I’ve spent a long time arguing that I’m not an aid worker. I do my job in an office; I’m not on any kind of front line. I am not an emergency responder, and I don’t put my life at risk for my job. I’ve always said that I work in international development. I have never thought of myself as someone who “works in aid.” I work in global health, on health systems strengthening. When I’m not doing donor reporting, I don’t think all that much about the source of the funds for my work.
But the fact is, it’s kind of presumptuous to say that I work in international development. As Lee Crawfurd pointed out in response to my last blog post, aid and projects implemented with aid funding are one part of international development. Economic and trade policy are other, more important parts. You can, and do, get development without aid. I’m pretty sure you don’t get it without economic growth.
Lee elaborated on his point in an email to me:
“Policy reforms by the US and UK governments on non-aid issues could have substantially bigger impacts upon the lives of the global poor than all of the aid in the world. We should not be content with just doing aid well, and we should not be giving the impression to the public that they can just donate something and then forget about it.”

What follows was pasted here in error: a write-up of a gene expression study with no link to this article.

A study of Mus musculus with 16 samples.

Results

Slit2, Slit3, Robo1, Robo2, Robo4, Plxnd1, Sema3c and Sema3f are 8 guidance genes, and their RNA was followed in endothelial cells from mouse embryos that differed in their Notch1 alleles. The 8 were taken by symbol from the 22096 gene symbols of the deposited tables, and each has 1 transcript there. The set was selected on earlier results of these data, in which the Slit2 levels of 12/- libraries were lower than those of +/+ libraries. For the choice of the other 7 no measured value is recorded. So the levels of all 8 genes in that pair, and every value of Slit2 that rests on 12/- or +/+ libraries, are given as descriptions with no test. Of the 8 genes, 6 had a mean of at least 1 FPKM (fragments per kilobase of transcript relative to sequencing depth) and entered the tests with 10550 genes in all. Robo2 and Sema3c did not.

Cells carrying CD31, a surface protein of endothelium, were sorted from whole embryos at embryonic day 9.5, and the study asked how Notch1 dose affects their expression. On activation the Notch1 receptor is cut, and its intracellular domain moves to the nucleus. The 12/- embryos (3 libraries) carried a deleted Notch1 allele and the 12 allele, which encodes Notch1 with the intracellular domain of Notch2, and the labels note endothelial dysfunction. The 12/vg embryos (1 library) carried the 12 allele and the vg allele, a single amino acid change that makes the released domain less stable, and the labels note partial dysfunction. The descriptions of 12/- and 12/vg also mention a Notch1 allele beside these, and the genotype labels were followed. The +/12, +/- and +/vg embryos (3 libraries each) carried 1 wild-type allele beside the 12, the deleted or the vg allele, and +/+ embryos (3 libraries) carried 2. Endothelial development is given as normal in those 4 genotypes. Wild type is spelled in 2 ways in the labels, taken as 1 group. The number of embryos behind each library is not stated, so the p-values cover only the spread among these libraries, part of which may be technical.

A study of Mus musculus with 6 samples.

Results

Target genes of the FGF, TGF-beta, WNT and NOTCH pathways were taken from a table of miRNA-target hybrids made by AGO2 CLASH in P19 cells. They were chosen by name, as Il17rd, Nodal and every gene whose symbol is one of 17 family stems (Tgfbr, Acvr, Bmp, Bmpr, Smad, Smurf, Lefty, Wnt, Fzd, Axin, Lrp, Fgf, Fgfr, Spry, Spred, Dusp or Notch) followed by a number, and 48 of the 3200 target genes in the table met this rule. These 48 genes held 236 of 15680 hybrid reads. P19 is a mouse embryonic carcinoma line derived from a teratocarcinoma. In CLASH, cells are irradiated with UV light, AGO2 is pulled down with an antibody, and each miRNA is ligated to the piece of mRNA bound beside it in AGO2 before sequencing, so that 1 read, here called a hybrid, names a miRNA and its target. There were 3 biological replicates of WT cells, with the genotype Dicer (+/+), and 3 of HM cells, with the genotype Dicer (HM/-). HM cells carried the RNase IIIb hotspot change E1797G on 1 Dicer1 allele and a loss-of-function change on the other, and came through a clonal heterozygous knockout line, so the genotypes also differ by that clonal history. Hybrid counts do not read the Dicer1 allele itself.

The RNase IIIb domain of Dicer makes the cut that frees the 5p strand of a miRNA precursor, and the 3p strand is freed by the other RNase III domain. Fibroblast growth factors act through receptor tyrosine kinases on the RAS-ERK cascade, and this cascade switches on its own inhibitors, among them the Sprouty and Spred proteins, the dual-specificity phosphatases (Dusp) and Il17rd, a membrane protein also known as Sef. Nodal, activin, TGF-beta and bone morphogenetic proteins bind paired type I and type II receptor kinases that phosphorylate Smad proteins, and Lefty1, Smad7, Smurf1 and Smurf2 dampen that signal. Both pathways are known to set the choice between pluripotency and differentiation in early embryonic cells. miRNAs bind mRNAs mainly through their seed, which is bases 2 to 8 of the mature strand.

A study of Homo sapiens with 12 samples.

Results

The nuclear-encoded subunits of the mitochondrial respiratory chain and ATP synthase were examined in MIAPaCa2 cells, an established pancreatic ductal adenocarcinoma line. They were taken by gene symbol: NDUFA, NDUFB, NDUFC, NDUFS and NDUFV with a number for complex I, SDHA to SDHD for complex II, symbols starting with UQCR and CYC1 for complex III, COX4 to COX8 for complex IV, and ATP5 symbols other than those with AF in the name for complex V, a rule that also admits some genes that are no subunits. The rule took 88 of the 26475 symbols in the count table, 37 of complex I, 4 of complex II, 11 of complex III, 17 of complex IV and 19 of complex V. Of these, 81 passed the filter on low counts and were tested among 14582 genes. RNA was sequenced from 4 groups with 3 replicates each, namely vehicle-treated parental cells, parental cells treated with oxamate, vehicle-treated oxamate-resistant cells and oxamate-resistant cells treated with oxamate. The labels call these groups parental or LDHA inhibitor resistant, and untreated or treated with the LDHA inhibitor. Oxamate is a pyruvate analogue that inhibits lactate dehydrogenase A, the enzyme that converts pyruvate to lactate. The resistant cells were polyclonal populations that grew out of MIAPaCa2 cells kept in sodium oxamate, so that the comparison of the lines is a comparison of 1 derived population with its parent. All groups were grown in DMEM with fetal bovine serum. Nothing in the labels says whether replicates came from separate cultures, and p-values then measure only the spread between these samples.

So, since I work on aid-funded projects, in my own little corner of trying to promote international development, there’s no real way around it: I am, in fact, an aid worker. When you work exclusively in aid, it’s easy to forget what a small part of the whole you are. (I decided not to edit the last post to fix my language, because if I am going to make sloppy mistakes in public, the least I can do is leave them out there so other people can avoid repeating them.)
Another useful thing that came up in my last post: Matthew Greenall reminded us that there are actually two metastories about aid, not just one. I was writing about the positive metastory. There is also the negative frame: aid doesn’t work, aid can never work, either because everything is too screwed up for any intervention of any kind to make a difference or because all the actors providing aid are stupid and incompetent. We’ve seen that metastory a lot about Haiti.